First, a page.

Language program introduces culture to young minds
Cmdr. William C. McCool Elementary/Middle School (MEMS) students have the opportunity to learn a foreign language that may broaden their minds and encourage diversity.
According to MEMS language teacher Thomas Sandvick, learning a foreign language and culture can benefit students in a number of ways.
“Learning about another culture allows students to expand their view of the world community,” he said. “They compare and contrast cultural norms of foreign cultures with their own, providing an opportunity to take a critical look inside their own culture. The same goes for language.”
At MEMS, Mandarin Chinese and Spanish classes are available for students from the sixth to eighth grade. Sandvick, addressed by his students as Sang Laoshi when instructing Mandarin Chinese at the school, meets with his students for 75 minutes every other day for instruction.
“Students learn all the facets of the language, from tone, to radicals as building blocks of characters, to the stroke order for how to write characters,” he said. “To help with pronunciation, students learn to read Pinyin, a phonetic system developed by the Chinese and used by the international media as a standard system of spelling Chinese names. For language communication, students learn to greet one another, talk about family, school life, activities or hobbies and use dates and time.”
According to Sandvick, learning a foreign language must be tied to learning the culture behind it.
“Culture is a reflection of language and vice versa; therefore, the two are not treated as separate entities,” Sandvick said. “To the greatest extent possible, language is taught within the context of culture.”
An example of students using language in the context of culture is students being put in situations in which they can practice them.
“In learning their Chinese names, students are put in a situation similar to what would happen in a Chinese classroom at the start of class when the teacher takes attendance,” Sandvick said. “At the same time, students learn the proper classroom etiquette for starting and ending class each day by going through the process themselves every day.”
The instruction is also kept up to date, creating a virtual travel experience for students.
“Students don’t just learn to say numbers in Chinese, but learn historical and present-day significance of certain numbers used in Chinese,” Sandvick said. “Students also learn hand gestures for the numbers they would likely encounter in an open street market in China. In addition to all this, technology is used as much as possible.”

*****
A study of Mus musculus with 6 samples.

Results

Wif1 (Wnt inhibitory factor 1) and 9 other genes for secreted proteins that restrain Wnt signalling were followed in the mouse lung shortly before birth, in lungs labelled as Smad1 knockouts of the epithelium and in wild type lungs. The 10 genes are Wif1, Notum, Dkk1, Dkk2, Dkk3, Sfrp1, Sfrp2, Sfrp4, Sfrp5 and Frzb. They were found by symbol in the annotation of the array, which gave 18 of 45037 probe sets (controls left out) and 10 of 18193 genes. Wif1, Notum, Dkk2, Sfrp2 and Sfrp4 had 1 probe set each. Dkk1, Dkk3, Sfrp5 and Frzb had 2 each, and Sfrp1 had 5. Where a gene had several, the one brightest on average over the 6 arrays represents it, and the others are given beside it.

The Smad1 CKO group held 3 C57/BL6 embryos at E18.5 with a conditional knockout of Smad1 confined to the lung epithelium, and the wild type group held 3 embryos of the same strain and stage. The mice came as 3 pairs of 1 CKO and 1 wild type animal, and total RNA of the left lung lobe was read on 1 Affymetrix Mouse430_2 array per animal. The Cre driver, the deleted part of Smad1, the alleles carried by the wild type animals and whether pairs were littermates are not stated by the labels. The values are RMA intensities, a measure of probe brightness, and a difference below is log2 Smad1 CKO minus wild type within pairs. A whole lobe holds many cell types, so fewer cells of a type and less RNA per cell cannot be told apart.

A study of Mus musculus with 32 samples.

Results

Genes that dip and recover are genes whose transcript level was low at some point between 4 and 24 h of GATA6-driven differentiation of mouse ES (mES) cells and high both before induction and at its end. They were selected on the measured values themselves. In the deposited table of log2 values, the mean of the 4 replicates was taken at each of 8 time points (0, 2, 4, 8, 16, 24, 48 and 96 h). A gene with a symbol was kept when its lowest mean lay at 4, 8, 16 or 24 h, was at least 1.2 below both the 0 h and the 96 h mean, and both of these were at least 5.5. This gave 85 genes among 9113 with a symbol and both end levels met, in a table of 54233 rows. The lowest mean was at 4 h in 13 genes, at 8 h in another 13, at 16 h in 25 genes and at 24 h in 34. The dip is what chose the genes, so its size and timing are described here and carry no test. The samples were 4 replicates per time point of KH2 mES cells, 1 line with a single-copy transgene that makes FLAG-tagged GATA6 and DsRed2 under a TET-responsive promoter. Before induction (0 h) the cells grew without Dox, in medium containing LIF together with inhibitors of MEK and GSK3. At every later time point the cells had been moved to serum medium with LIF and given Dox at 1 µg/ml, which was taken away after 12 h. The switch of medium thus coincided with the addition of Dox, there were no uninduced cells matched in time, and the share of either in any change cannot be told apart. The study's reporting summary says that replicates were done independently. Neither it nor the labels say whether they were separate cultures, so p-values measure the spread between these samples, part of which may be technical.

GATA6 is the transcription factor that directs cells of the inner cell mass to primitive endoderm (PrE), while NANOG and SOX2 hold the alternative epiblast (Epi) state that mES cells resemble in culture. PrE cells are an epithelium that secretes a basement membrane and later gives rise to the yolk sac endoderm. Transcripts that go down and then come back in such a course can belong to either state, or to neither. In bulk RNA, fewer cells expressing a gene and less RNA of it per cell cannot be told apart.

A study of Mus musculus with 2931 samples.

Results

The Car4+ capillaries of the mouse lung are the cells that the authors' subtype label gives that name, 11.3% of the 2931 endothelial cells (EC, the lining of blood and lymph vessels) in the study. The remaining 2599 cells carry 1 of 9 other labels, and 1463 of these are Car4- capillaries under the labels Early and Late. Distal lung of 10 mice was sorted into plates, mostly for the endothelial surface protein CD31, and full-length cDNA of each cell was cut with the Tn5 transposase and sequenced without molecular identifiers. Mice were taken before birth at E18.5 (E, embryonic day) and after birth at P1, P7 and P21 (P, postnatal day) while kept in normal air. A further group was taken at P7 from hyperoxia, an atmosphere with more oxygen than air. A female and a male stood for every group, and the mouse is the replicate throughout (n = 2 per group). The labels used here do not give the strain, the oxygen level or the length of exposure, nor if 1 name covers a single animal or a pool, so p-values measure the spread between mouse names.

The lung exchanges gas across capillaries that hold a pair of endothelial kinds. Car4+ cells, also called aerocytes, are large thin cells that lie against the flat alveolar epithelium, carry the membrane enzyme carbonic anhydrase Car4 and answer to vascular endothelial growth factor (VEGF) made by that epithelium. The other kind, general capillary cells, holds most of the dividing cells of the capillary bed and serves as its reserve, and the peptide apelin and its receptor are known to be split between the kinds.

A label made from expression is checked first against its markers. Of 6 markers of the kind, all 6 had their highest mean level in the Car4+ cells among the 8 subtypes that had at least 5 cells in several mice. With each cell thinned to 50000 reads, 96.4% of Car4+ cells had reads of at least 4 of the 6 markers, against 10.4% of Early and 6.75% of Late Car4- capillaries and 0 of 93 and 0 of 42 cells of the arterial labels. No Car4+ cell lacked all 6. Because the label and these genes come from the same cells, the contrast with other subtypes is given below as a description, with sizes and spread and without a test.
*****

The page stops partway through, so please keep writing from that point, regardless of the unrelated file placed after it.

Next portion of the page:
According to Sandvick, learning a new language at a younger age helps students speak the language better than if they were to learn it later.
“The younger a student is when she or he begins the study of a second language, the easier it is to master the language,” he said. “Younger minds are more flexible in processing languages. Students who begin speaking a second language at a young age have a greater capacity to master the phonetic system and intonation patterns, thereby increasing their ability to be understood by native speakers of the language.”
Sandvick said learning a foreign language does not only have benefits for the student, but for the world as a whole.
“Learning a foreign language or culture provides a culturally-literate citizen who is more empathetic and able to adapt easily to cultural situations that might otherwise be difficult to navigate or understand,” he said. “Overall, the learner of a foreign language and culture develops the skill that allows him or her to participate with confidence in a multi-cultural society, whether that be locally or globally, at work or for leisure. Foreign competency is a vital piece of 21st century education and is embraced not only by our school but DoDEA (Department of Defense Education Activity) worldwide.”